Yesterday the California Supreme Court issued its ruling in DVDCCA v. Bunner, a case pitting trade secrets against freedom of speech. The court ruled that an injunction against disclosure of a trade secret is valid, even though it restricts some speech.
The case relates to CSS, the encryption scheme used to scramble the data on DVDs. CSS was developed in secret, and an outfit called the DVD Copy Control Association (DVDCCA) claims that the details of CSS are its trade secret. Andrew Bunner posted DeCSS, a program that unscrambles CSS-encrypted content, on his web site. DVDCCA sued Bunner for misappropriating its trade secret. A lower court issued an injunction, ordering Bunner not to publish DeCSS. Bunner appealed, arguing that the injunction violated his free speech right.
The lower court ruled that Bunner knew (or should have known) that CSS was a trade secret, and that Bunner knew (or should have known) that the original source of DeCSS had gotten the trade secret improperly. I think these factual findings were highly questionable, but the Court accepted them for the purposes of its decision. So the issue before the state Supreme Court was merely whether an injunction against publishing a trade secret violates freedom of speech. The Court ruled that it does not, at least not when the speech is software code.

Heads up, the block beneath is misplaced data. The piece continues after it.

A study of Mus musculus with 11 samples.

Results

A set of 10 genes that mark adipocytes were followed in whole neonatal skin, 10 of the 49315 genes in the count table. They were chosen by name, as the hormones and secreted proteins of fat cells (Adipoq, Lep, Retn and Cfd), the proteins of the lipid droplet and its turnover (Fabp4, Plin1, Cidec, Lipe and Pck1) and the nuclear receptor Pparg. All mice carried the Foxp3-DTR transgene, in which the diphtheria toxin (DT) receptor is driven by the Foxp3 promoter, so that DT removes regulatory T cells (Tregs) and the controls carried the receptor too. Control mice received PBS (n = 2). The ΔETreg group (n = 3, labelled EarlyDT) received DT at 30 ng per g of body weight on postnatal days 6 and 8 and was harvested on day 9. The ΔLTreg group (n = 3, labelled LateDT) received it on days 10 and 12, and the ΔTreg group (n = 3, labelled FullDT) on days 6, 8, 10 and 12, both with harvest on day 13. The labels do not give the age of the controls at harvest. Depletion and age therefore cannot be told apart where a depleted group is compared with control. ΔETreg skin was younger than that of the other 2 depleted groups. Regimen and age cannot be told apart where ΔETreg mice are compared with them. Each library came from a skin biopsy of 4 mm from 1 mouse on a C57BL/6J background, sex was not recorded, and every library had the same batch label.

Why does it matter that the speech is software code? As Seth Finkelstein points out, the Court seemed to say that software code cannot be of public concern, because only experts can read it:
DVD CCA’s trade secrets in the CSS technology are not publicly available and convey only technical information about the method used by specific private entities to protect their intellectual property. Bunner posted these secrets in the form of DeCSS on the Internet so Linux users could enjoy and use DVD’s and so others could improve the functional capabilities of DeCSS. He did not post them to comment on any public issue or to participate in any public debate. Indeed, only computer encryption enthusiasts are likely to have an interest in the expressive content– rather than the uses–of DVD CCA’s trade secrets. (See Tien, Publishing Software as a Speech Act, supra, 15 Berkeley Tech. L.J. at pp. 662-663 [“Programming languages provide the best means for communicating highly technical ideas–such as mathematical concepts–within the community of computer scientists and programmers”].) Thus, these trade secrets, as disclosed by Bunner, address matters of purely private concern and not matters of public importance. …
This seems like a pretty odd position to take. Information about Enron’s finances is of public concern, even though only accountants can interpret it in its raw form. Information about the Space Shuttle wing structure is of public concern, even though only a few engineers understand it fully. CSS is a controversial technology, and information about how it works is directly relevant to the debate about it. True, many people who are interested in the debate will have to rely on experts to explain the relevant parts of DeCSS to them; but the same is true of Enron’s accounting or the Shuttle’s engineering.
Odder still, in my view, is the notion that because DeCSS is directly useful to members of the public, it is somehow of less public concern than a purely theoretical discussion would be. It seems to me that the First Amendment protects speech precisely because the speech may have an effect on what people think and how they act. To suppress speech because of its impact seems to defeat the very purpose of the free speech guarantee.